Published: Tue, September 17, 2002 @ 12:00 a.m.



By STEPHEN SIFF

Vindicator Staff Writer

AUSTINTOWN -- Two years after he moved in, Jim Mosier discovered that structural inspections of his $121,000 Fox Chase home had ended at the foundation.

Building inspectors "should have stopped by to follow up," he said. "I'm the one who's stuck now."

Mosier looked up the inspection record because he and his wife, Cheryl, had other concerns about the house: In 1998, they received an insurance settlement after a windstorm blew the exterior wall of the attached garage four inches off its foundation, and he said the living room floor creaked badly enough to send compact disks tumbling out of a stand.

Building department inspectors did make some effort to follow up on Mosier's house during construction. Department records show the inspector who looked at the house's foundation in May 1997 stopped again a month later to inspect the frame, but it wasn't ready.

There is no record of building inspectors' returning to the home until inspector Michael White did what he termed a "partial walk-through" of the house June 6, 1999, at the Mosiers' request.

Findings: White said that there were several building code violations including an undersized header beam over the garage door; an unfinished fire wall between the garage and house; holes drilled too close to the edge of basement floor joists; a bathroom fan that did not appear to be vented to anyplace, and metal straps holding the house walls to the foundation installed as far as 16 feet apart, rather than the 31/2 feet required by code, according to a letter in the building department's files.

In a letter to the Mosiers dated Sept. 13, 1999, the company that built the house, Shutrump and Associates of Boardman, offered to fix the items detailed by the building inspection department the following week.

That same week, the Mosiers filed a lawsuit against Shutrump and Associates, accusing the company of unfair business practices, misrepresentation and breach of contract. The company denied the Mosiers' allegations and countersued, alleging the Mosiers are damaging its reputation and hurting its business.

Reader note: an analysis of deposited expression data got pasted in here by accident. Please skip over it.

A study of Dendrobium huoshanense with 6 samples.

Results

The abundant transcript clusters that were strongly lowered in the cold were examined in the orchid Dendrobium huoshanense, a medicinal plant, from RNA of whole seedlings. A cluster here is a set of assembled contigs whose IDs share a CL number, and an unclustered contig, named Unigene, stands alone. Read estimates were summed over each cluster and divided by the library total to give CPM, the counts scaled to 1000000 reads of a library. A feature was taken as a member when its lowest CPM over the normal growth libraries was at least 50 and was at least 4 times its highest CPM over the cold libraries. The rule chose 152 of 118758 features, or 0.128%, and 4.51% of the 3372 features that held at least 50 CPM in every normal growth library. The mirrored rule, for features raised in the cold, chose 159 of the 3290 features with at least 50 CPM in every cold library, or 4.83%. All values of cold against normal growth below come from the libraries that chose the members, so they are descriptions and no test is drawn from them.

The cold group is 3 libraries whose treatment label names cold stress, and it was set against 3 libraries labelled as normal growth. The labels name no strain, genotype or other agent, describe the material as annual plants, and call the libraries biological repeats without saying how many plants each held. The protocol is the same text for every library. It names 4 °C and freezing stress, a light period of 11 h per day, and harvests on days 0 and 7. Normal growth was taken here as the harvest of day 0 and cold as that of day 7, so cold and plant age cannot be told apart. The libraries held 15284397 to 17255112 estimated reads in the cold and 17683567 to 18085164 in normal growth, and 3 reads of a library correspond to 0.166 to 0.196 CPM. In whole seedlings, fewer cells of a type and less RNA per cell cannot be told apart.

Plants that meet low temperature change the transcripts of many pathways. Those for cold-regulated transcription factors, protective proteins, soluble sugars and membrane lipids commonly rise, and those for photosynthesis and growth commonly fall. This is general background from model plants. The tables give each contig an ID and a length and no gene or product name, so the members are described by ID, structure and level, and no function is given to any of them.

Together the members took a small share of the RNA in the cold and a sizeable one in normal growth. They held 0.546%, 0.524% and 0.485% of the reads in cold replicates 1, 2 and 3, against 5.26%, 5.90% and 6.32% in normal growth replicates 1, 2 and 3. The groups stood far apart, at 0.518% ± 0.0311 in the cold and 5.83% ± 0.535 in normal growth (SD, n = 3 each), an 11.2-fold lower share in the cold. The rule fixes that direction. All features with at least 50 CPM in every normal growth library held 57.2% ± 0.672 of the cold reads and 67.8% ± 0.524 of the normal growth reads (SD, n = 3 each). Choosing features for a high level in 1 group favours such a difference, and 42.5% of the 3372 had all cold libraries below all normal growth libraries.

Shutrump and Associates partner Fred Shutrump faxed a four-sentence written statement to The Vindicator: "We have built an excellent reputation in our 28 years in business. Our hundreds of satisfied customers have enjoyed great value in our homes. Anyone in business will tell you, there are a few people who can never be satisfied. On advice of counsel, I cannot comment further on litigation."

Homeowners' concerns: Now the Mosiers worry that they will be legally required to disclose the alleged violations when they try to sell the house, potentially slashing its value.

And the walk-through inspection did not settle all their concerns.

"I'm worried about what I can't see," said Mrs. Mosier.

While a house is under construction, if an inspection is missed a building inspector can dig down the side of a building to check the footing in one location, or pull off a sheet of drywall to spot-check the frame, said Don Hall, chief building official in Mahoning County. But these measures become less practical once the house has been painted and the landscaping done.

"Once the foundation is backfilled, once the basement floor is poured ... someone is just taking the contractor's word that they did what they are supposed to do," said Linus Orr, owner of K.E.L. Home Inspection Co. in Austintown, a private business that inspects houses on behalf of potential buyers. "Once it is sealed -- the drywall is up and the walls are finished -- what you get is what you got."